How a champion will need to reach deep into his bag of tricks to handle Vasiliy Lomachenko

Kevin Iole
Combat columnist
Jorge Linares is a champion, but still a massive underdog against Vasiliy Lomachenko. (AP)

There is little that Jorge Linares can’t do in the boxing ring, as evidenced by his 44-3 record, 27 knockouts in 47 fights and world titles at two different weight classes.

The lightweight champion has a reputation as an entertaining, high-volume offensive fighter, which is why his bout Saturday at Madison Square Garden on ESPN against Vasiliy Lomachenko is so hotly anticipated: both boxers are exceptional offensive machines.

But Linares came into boxing with a far different reputation: From the time he turned professional in 2002, he was a sharp defensive fighter, whose speed and quickness, footwork, timing and an uncanny sense of where punches are coming from made him difficult to hit.


Though Linares is the bigger man physically with Lomachenko moving up in weight, he’ll likely suffer the same fate if he tries to go blow-for-blow in the center of the ring with Lomachenko. He’s going to have to pull out his old bag of tricks to slip and slide, and duck and spin out of the way of punches.

It’s not like Ozzie Smith forgot how to field a grounder once he learned to hit, and it’s not as if Linares has eschewed the defensive tendencies that have made him so successful.

“I feel I have to be a step ahead of him,” Linares said.

Roberto Diaz, Golden Boy’s highly regarded matchmaker, pointed out that Linares was eliciting comparisons to Oscar De La Hoya long before Linares fought for the company.

He has always been a smooth, slick fighter, but he took it upon himself to fight a more exciting style to please the fans.

“It’s funny to hear fans saying how Jorge is an offensive fighter, because he’s been known as a defensive fighter, so smooth and graceful, for so long,” Diaz said. “He’s got beautiful defensive skills. He has the ability to make you miss, but he’s engaged more to please the fan base. When he went to the U.K. to fight, he fought a little more aggressively in order to be careful to not let the decision get away. But Jorge has always been good in avoiding punches.”

Linares laughed at the suggestion that there will be any issue despite the fact that his highly regarded trainer, Ismael Salas, won’t be in his corner Saturday.

Vasiliy Lomachenko is perhaps the most gifted fighter on the planet. (Getty)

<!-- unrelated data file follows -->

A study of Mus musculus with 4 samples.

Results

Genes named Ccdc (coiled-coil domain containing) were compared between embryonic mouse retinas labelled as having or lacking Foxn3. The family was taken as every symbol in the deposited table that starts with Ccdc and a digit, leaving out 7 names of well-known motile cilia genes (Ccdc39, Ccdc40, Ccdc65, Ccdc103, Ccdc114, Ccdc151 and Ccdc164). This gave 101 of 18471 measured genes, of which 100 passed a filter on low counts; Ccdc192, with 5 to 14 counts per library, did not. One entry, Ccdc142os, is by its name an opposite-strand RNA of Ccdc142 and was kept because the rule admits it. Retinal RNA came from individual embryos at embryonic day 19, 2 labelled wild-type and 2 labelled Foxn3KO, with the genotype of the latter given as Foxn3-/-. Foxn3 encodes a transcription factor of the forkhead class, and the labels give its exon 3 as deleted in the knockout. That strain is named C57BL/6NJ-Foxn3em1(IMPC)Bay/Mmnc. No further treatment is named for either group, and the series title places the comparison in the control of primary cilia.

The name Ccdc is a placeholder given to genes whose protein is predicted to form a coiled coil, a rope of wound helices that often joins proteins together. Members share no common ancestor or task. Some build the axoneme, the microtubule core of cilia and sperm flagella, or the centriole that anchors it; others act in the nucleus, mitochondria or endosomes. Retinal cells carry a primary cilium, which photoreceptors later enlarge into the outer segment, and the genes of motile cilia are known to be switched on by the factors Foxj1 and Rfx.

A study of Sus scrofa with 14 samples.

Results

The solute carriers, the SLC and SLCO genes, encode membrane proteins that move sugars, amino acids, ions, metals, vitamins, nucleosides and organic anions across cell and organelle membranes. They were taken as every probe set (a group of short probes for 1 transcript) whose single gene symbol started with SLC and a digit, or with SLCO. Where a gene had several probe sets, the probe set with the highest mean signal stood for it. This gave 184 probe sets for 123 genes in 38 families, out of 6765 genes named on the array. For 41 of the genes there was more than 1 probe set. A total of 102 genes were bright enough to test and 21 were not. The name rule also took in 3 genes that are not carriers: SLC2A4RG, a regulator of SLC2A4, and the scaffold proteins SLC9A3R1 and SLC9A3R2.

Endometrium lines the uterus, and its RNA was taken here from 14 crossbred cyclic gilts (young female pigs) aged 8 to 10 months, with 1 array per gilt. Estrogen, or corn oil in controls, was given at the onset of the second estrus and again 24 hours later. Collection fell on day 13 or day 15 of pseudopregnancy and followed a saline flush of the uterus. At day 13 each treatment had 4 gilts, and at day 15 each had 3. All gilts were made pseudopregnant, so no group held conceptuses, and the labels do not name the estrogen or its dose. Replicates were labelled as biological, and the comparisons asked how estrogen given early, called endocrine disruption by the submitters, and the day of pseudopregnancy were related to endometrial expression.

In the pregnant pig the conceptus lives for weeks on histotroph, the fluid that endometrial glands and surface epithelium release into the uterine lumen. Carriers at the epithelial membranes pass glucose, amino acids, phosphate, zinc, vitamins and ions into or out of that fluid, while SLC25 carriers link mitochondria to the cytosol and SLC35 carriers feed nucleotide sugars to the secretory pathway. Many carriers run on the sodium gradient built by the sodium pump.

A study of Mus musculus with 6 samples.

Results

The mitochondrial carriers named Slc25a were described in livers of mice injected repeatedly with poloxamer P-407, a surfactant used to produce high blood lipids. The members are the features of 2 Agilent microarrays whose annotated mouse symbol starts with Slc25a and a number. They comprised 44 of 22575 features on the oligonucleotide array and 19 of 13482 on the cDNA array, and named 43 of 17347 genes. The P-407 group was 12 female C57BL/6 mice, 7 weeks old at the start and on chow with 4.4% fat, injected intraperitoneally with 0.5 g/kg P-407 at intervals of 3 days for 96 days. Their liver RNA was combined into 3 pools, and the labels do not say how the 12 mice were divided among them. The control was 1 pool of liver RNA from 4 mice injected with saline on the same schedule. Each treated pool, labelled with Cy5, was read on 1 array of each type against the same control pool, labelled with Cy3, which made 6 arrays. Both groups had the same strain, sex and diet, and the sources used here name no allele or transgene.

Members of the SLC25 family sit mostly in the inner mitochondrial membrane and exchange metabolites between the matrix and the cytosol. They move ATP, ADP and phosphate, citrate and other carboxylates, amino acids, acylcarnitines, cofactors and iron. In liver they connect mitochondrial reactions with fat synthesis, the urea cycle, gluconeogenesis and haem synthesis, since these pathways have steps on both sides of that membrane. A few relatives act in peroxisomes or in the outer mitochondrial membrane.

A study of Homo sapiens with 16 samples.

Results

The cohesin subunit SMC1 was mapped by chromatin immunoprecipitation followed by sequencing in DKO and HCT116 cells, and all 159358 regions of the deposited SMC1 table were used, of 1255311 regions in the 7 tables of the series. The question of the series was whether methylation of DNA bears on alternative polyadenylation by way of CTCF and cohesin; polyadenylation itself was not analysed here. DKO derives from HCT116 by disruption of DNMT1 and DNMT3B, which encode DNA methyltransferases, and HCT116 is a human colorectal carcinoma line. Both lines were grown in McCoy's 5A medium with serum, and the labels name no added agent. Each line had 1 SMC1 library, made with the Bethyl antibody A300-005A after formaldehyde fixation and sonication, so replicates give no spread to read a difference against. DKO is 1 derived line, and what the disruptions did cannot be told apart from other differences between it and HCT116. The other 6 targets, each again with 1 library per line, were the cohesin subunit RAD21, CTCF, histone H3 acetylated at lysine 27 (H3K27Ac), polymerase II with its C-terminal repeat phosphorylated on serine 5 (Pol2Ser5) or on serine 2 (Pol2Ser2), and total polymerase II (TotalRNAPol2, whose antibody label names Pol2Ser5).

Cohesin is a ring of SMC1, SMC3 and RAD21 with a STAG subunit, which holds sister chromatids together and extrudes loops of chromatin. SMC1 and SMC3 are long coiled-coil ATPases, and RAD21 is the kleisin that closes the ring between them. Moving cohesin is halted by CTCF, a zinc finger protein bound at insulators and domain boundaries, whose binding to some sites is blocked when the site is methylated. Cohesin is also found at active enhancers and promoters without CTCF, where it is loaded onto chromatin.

Salas also trains heavyweight David Haye, who was stopped by Tony Bellew last week. Salas trained Haye in England and so was unable to train Linares.

Linares’ brother, Carlos, will replace Salas, with Jorge Capetillo and the highly regarded Rudy Hernandez also in his corner. Linares is a veteran and insisted the change won’t have much of an impact.

“People will always talk and I hear things in the media or on social media and it’s OK for people to have opinions,” Linares said. “But I’m fine. I have worked hard and we have had a good camp. And look, I still have all of the teachings Salas has given me. He’s one of the best trainers ever and he’s taught me well.

“I’m a smart fighter and I know what I have to do. It won’t matter who is in the corner on Saturday.”

There were considerable obstacles toward getting the fight done, not the least of which was that Golden Boy already had a fight card scheduled on HBO and doesn’t always see eye-to-eye with Lomachenko promoter Top Rank.

But the fighters themselves wanted the bout and when they insisted it happen, the promoters got it made.

Linares has never had a fight of this magnitude and has been eyeing a match with Lomachenko for a while as a way to prove himself. Lomachenko is a massive 15-1 favorite, but Linares scoffed at such a wide disparity.

“You can see the kind of fighter he is,” Linares said of Lomachenko. “But I requested this fight because I have always wanted to challenge myself against the best. I told Oscar to get this fight for me and I had confidence he would get it done.

“I believe in myself and in what I can do up there in that ring. I have a good plan and it’s going to be a hard, difficult fight, but I know I have the ability to win this.”